LOS ANGELES -- Mervyn Dymally, who in a four-decade career served in every corner of California government and eventually became the state's highest-ranking black politician, was honored at a funeral Wednesday attended by the Rev. Jesse Jackson and the elite of California state government.
Dymally, who was born on the eastern Caribbean island of Trinidad, died Oct. 7 in Los Angeles after a period of declining health. He had mentored generations of Democratic politicians while helping expand the state's base of black voters.
Dymally became California's first foreign-born black assemblyman in 1962, its first black state senator in 1966 and its first and only black lieutenant governor in 1974. He won a congressional seat in 1980, representing Compton and its surrounding area, one of the most solidly Democratic bastions in Los Angeles County.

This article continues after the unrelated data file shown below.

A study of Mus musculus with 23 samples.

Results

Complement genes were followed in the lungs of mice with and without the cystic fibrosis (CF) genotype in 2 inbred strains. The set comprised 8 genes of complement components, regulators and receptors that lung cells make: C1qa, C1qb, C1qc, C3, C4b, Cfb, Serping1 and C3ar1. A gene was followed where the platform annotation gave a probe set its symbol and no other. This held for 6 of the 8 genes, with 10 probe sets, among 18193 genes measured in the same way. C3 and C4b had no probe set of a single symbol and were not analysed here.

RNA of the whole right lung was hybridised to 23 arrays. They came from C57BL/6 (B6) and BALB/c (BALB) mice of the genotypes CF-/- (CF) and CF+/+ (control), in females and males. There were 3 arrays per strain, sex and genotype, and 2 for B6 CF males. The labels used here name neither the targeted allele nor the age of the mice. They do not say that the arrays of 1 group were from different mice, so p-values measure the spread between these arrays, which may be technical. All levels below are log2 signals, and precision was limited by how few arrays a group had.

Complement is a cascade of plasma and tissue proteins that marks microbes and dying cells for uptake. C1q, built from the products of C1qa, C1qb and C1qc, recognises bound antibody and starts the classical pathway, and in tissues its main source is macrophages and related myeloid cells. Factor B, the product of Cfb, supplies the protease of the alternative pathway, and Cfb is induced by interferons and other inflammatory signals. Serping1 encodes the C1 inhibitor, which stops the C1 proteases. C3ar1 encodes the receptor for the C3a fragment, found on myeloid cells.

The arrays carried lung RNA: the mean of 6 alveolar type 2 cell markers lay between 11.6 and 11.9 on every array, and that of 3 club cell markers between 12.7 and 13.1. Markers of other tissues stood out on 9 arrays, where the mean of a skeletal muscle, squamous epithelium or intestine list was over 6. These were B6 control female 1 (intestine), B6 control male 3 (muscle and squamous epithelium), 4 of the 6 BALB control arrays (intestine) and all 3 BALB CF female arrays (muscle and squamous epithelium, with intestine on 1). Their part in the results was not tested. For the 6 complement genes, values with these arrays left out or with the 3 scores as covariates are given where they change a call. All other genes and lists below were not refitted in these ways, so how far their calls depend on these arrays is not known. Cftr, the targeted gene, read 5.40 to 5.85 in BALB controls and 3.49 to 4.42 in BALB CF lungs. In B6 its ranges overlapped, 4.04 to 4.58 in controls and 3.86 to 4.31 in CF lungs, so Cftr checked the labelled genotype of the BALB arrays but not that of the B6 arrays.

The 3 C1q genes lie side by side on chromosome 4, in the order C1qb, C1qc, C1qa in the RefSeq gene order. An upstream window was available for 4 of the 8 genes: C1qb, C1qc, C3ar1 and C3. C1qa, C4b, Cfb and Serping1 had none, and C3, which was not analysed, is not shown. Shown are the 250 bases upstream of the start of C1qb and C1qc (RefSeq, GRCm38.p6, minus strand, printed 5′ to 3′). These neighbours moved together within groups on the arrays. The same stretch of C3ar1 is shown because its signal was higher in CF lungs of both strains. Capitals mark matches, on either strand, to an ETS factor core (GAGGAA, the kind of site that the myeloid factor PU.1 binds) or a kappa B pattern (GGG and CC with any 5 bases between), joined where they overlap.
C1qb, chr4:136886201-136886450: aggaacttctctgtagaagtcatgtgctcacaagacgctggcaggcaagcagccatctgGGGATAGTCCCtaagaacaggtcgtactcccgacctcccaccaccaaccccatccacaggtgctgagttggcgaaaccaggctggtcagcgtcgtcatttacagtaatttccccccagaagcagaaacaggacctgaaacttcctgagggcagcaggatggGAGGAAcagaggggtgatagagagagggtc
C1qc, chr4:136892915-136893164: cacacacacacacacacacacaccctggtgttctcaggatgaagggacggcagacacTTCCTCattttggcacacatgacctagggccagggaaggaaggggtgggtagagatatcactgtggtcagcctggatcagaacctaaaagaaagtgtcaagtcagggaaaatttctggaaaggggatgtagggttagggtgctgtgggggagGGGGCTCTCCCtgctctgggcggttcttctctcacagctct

But scandal followed success throughout Dymally's career, including numerous allegations of fraud, bribery and pay-for-play campaign contributions. He maintained that he never acted illegally and said in a 1976 op-ed piece that he had been the victim of "sustained harassment and distortion."
Gov. Jerry Brown, who attended Wednesday's service, credited Dymally with improving the lives of Californians, "particularly those burdened by racial, gender or ethnic discrimination." He issued a proclamation declaring Wednesday "Mervyn Dymally Day."
"He championed the cause of civil rights and broke new ground," wrote Brown, who called Dymally an "outstanding mentor, organizer and leader."
Jackson, Lt. Gov. Gavin Newsom and state Attorney General Kamala Harris were among a long list of prominent politicians who attended the Culver City service.
Dymally retired from the House of Representatives in 1993. In 2002, he returned to the California Legislature at age 76, winning the same Assembly seat where he had started his career four decades earlier, and serving six more years.